In this paper further evidence of the important role of the chlamydial plasmid in virulence is provided. In both the respiratory and urogenital tract sites, the plasmid-containing version of Chlamydia trachomatis was more virulent than the non-plasmid strain, when analysed in the mouse model. While this has previously been shown with the mouse strain of Chlamydia, this is the first report showing similar virulence characteristics of the human C. trachomatis strains.
Plasmid deficiency in urogenital isolates of Chlamydia trachomatis reduces infectivity and virulence in a mouse model
Article first published online: 10 SEP 2013
© 2013 The Authors. Pathogens and Disease published by John Wiley & Sons Ltd on behalf of the Federation of European Microbiological Societies.
This is an open access article under the terms of the Creative Commons Attribution License, which permits use, distribution and reproduction in any medium, provided the original work is properly cited.
Pathogens and Disease
Volume 70, Issue 1, pages 61–69, February 2014
How to Cite
Sigar, I. M., Schripsema, J. H., Wang, Y., Clarke, I. N., Cutcliffe, L. T., Seth-Smith, H. M.B., Thomson, N. R., Bjartling, C., Unemo, M., Persson, K. and Ramsey, K. H. (2014), Plasmid deficiency in urogenital isolates of Chlamydia trachomatis reduces infectivity and virulence in a mouse model. Pathogens and Disease, 70: 61–69. doi: 10.1111/2049-632X.12086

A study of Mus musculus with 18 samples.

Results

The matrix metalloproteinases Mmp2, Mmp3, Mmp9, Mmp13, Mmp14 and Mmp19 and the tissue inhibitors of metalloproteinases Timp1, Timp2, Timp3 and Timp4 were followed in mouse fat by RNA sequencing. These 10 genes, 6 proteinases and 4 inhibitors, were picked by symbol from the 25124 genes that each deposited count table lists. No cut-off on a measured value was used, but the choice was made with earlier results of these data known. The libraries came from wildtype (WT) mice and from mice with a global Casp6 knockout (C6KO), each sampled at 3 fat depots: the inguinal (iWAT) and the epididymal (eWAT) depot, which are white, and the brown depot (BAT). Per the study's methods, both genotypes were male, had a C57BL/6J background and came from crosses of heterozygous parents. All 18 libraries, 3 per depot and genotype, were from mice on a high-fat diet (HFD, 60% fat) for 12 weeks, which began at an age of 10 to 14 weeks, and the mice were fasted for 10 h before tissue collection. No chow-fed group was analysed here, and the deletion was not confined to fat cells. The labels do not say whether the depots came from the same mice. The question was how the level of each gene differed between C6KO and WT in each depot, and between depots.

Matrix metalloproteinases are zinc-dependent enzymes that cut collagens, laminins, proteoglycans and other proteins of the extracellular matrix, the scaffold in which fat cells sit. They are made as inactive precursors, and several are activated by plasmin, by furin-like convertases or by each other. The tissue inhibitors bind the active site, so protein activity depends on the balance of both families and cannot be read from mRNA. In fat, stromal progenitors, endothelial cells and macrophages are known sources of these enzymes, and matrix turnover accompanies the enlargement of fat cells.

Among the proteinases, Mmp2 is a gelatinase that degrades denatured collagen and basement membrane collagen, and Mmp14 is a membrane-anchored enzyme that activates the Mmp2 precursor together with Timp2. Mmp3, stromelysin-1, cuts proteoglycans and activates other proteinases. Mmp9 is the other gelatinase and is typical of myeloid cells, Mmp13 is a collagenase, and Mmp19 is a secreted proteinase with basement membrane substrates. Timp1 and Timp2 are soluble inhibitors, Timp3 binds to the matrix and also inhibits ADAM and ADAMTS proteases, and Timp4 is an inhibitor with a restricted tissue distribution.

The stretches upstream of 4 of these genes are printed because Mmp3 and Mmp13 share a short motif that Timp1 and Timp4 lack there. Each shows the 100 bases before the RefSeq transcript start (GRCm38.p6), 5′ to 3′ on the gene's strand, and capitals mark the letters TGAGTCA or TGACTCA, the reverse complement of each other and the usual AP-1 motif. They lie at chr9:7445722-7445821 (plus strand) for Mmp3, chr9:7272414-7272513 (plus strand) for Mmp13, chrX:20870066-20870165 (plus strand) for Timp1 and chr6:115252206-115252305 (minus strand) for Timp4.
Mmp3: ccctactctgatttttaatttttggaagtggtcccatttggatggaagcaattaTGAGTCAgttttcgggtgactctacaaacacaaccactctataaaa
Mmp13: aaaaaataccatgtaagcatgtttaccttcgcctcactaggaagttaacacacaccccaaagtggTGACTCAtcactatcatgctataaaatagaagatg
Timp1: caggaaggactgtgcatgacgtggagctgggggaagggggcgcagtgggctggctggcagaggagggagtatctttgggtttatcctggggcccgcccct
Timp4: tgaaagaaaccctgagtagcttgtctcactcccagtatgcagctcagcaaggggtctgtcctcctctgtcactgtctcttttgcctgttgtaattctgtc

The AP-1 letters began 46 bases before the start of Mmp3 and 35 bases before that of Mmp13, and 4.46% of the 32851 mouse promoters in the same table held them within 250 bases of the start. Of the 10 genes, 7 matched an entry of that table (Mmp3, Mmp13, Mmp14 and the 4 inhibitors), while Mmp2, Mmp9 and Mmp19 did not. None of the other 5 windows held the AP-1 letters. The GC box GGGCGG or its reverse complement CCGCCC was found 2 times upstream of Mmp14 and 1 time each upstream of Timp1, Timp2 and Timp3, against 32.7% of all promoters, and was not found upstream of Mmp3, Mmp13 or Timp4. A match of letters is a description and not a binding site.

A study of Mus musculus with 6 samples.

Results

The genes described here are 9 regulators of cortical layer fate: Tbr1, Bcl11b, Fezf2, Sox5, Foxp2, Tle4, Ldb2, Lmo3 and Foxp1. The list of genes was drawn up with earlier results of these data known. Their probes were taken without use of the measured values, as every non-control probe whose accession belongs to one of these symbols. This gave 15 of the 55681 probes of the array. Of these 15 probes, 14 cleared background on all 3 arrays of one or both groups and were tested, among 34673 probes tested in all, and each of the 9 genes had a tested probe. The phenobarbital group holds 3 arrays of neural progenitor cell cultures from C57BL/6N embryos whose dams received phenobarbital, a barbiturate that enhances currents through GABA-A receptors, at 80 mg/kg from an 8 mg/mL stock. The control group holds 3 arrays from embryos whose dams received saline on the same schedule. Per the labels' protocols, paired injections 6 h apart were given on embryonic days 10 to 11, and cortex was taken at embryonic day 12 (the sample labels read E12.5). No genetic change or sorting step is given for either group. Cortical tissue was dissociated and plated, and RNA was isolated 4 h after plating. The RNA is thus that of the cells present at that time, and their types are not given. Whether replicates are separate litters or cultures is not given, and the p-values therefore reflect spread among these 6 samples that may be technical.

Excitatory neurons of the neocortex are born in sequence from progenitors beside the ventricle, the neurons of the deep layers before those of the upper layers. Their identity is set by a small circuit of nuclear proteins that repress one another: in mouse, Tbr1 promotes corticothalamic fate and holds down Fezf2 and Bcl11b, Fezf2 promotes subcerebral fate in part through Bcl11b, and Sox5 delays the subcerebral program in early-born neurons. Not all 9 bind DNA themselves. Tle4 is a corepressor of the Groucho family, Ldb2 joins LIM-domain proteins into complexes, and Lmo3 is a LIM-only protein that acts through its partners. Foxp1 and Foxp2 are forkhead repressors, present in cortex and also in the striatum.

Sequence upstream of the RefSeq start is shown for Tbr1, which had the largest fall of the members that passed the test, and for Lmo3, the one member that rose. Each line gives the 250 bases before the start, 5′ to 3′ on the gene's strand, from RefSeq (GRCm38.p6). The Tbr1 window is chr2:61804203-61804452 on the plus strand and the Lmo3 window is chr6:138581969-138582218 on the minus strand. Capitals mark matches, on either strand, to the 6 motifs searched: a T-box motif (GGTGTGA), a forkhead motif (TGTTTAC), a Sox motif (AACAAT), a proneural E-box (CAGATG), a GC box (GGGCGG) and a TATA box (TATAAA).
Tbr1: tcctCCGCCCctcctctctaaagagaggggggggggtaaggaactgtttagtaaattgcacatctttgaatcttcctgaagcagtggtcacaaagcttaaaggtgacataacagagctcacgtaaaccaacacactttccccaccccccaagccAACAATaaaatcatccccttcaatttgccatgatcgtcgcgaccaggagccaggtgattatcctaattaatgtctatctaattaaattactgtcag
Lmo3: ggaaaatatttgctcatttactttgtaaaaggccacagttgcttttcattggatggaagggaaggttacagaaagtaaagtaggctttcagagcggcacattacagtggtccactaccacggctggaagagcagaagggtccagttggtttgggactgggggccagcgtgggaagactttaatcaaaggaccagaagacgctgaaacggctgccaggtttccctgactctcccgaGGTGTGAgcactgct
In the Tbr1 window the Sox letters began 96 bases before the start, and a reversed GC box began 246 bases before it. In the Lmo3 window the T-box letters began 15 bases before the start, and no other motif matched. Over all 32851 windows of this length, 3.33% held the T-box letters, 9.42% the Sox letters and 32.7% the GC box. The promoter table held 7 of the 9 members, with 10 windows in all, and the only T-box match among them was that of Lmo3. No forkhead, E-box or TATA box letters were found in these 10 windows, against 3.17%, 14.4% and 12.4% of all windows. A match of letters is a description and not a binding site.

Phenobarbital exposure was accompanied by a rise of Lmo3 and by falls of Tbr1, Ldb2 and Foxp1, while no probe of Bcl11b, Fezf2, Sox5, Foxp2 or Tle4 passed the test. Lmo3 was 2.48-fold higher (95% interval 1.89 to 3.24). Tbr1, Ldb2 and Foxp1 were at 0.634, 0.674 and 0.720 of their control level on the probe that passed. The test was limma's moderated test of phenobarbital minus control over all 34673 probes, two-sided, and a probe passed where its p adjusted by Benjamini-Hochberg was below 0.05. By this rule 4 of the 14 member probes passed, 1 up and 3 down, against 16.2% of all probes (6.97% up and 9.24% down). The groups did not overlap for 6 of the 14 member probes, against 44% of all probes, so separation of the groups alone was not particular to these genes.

The copyright line for this article was changed on 12 August after original online publication.
- Issue published online: 12 FEB 2014
- Article first published online: 10 SEP 2013
- Accepted manuscript online: 23 AUG 2013 09:02AM EST
- Manuscript Revised: 19 AUG 2013
- Manuscript Accepted: 19 AUG 2013
- Manuscript Received: 19 JUL 2013
- Midwestern University intramural funds and by Wellcome Trust. Grant Numbers: 091296, 098051
- Chlamydia ;
We hypothesized that the plasmid of urogenital isolates of Chlamydia trachomatis would modulate infectivity and virulence in a mouse model. To test this hypothesis, we infected female mice in the respiratory or urogenital tract with graded doses of a human urogenital isolate of C. trachomatis, serovar F, possessing the cognate plasmid. For comparison, we inoculated mice with a plasmid-free serovar F isolate. Following urogenital inoculation, the plasmid-free isolate displayed significantly reduced infectivity compared with the wild-type strain with the latter yielding a 17-fold lower infectious dose to yield 50% infection. When inoculated via the respiratory tract, the plasmid-free isolate exhibited reduced infectivity and virulence (as measured by weight change) when compared to the wild-type isolate. Further, differences in infectivity, but not in virulence were observed in a C. trachomatis, serovar E isolate with a deletion within the plasmid coding sequence 1 when compared to a serovar E isolate with no mutations in the plasmid. We conclude that plasmid loss reduces virulence and infectivity in this mouse model. These findings further support a role for the chlamydial plasmid in infectivity and virulence in vivo.